The concept of a subliminal technological 'environment' shared by all of humankind is McLuhan's answer to the Freudian 'unconscious'.
The distinction between (unconscious) environment and (conscious) anti-environment, employed by McLuhan from 1964, is founded upon an earlier distinction between 'form' and 'content', and the maxim that 'the medium is the message'.
As McLuhan elaborates in Understanding Media (1964):
"the medium is the message" because it is the medium that shapes and controls the scale and form of human association and action. The content or uses of such media are as diverse as they are ineffectual in shaping the form of human association. Indeed, it is only too typical that the "content" of any medium blinds us to the character of the medium.1
By September 1964, McLuhan had reformulated his idea that 'the medium is the message' in terms of a media-environment.2
McLuhan, punning on his own phrase, sometimes describes the media-environment as a 'massage' writing in The Medium is the Massage (1967):
All media work us over completely. They are so pervasive in their personal, political, economic, aesthetic, psychological, moral, ethical, and social consequences that they leave no part of us untouched, unaffected, unaltered. The medium is the massage. Any understanding of social and cultural change is impossible without a knowledge of the way media work as environments.3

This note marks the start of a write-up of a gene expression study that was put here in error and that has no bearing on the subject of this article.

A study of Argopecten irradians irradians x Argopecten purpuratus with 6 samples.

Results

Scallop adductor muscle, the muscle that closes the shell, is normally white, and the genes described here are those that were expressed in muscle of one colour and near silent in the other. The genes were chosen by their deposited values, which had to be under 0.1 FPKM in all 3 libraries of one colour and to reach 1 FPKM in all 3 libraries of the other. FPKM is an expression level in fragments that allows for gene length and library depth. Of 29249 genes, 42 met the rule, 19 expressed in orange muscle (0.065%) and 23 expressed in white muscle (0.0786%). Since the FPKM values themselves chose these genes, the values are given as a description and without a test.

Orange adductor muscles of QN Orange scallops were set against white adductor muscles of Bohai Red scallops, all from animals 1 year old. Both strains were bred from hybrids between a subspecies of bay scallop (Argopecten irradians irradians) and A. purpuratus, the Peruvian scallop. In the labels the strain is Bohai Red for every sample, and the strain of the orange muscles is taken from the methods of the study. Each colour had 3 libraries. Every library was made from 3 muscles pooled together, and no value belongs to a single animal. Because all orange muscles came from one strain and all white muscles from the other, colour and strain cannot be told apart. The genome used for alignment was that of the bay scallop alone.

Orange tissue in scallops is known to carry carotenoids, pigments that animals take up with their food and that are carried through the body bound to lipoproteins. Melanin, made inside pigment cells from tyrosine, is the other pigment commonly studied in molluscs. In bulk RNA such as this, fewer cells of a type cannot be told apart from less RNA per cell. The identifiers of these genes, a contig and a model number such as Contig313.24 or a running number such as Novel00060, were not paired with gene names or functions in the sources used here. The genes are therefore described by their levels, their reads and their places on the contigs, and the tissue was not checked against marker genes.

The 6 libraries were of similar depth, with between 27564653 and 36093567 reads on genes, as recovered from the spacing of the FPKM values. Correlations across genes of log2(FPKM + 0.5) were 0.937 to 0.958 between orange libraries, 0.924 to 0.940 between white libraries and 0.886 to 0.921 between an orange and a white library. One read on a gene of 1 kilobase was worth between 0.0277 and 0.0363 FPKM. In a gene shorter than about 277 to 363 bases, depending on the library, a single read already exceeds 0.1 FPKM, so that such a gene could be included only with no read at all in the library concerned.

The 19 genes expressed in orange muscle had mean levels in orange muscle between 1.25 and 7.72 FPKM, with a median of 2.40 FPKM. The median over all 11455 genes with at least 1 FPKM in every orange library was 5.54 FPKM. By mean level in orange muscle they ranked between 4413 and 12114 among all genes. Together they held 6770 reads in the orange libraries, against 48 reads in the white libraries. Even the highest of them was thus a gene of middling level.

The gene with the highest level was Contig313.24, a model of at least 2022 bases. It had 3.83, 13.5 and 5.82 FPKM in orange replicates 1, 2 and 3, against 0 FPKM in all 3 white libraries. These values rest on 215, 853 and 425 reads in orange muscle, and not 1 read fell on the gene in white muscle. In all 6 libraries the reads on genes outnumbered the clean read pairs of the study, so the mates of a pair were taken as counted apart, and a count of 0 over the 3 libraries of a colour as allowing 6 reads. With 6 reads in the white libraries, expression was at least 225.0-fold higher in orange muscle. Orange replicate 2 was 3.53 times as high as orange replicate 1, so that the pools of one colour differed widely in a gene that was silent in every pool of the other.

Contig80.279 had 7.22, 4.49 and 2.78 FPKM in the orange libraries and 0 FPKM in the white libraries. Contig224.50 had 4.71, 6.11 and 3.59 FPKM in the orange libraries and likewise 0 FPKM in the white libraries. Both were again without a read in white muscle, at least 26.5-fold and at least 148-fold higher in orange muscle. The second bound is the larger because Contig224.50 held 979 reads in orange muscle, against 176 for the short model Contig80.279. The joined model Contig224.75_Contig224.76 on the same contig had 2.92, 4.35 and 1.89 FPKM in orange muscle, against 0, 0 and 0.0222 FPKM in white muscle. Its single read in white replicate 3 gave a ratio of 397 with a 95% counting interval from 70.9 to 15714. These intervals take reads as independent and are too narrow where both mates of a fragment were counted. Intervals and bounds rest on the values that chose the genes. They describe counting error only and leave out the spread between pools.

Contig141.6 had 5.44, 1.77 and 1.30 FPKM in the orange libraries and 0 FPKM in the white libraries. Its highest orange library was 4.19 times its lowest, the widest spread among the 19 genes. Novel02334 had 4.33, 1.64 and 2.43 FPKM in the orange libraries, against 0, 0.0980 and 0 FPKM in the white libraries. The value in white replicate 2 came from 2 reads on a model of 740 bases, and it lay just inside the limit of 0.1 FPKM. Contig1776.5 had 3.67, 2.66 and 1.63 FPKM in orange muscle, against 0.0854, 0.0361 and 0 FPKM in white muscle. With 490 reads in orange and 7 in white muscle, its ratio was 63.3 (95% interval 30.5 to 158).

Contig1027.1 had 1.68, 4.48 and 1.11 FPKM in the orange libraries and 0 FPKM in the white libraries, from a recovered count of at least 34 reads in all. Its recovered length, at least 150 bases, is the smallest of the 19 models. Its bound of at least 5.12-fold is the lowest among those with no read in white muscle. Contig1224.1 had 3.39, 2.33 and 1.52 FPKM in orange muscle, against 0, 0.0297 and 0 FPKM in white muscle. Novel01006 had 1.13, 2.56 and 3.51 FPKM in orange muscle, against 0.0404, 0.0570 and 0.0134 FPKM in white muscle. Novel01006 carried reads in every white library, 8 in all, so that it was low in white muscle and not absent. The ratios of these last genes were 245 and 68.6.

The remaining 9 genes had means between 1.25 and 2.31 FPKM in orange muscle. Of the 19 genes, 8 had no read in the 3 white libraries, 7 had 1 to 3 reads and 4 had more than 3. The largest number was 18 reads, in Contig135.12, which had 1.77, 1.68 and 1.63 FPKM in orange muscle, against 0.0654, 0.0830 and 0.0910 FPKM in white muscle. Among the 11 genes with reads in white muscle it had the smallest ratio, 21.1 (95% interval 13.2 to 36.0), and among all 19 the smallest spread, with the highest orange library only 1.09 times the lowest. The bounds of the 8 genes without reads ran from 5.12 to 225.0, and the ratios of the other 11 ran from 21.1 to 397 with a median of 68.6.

In fact it is clear from McLuhan's essay 'The Relation of Environment to Anti-Environment' (1966, revised version 1967) that what he is really concerned with in his analysis of media 'effects' are the dynamics between the 'unconscious' (environment) and 'consciousness'.
Here he says that 'Any new technology, any extension or amplification of human faculties given material embodiment, tends to create a new environment.'4
However, 'The ground rules, the pervasive structure, the overall pattern [of the environment] eludes perception except in so far as there is an anti-environment or a counter-situation constructed to provide a means of direct attention.'5
McLuhan's use of the terms 'anti-environment' and 'environment' distinguishes the concepts from the psychoanalytic 'conscious' and 'unconscious', and in fact, McLuhan's understanding of these terms is significantly different from Freud's.
Where Freud positions the 'unconscious' id in relation to 'consciousness', McLuhan takes the (unconscious) environment to be the primary state of awareness, and the (conscious) 'anti-environment' to be a privileged state of awareness.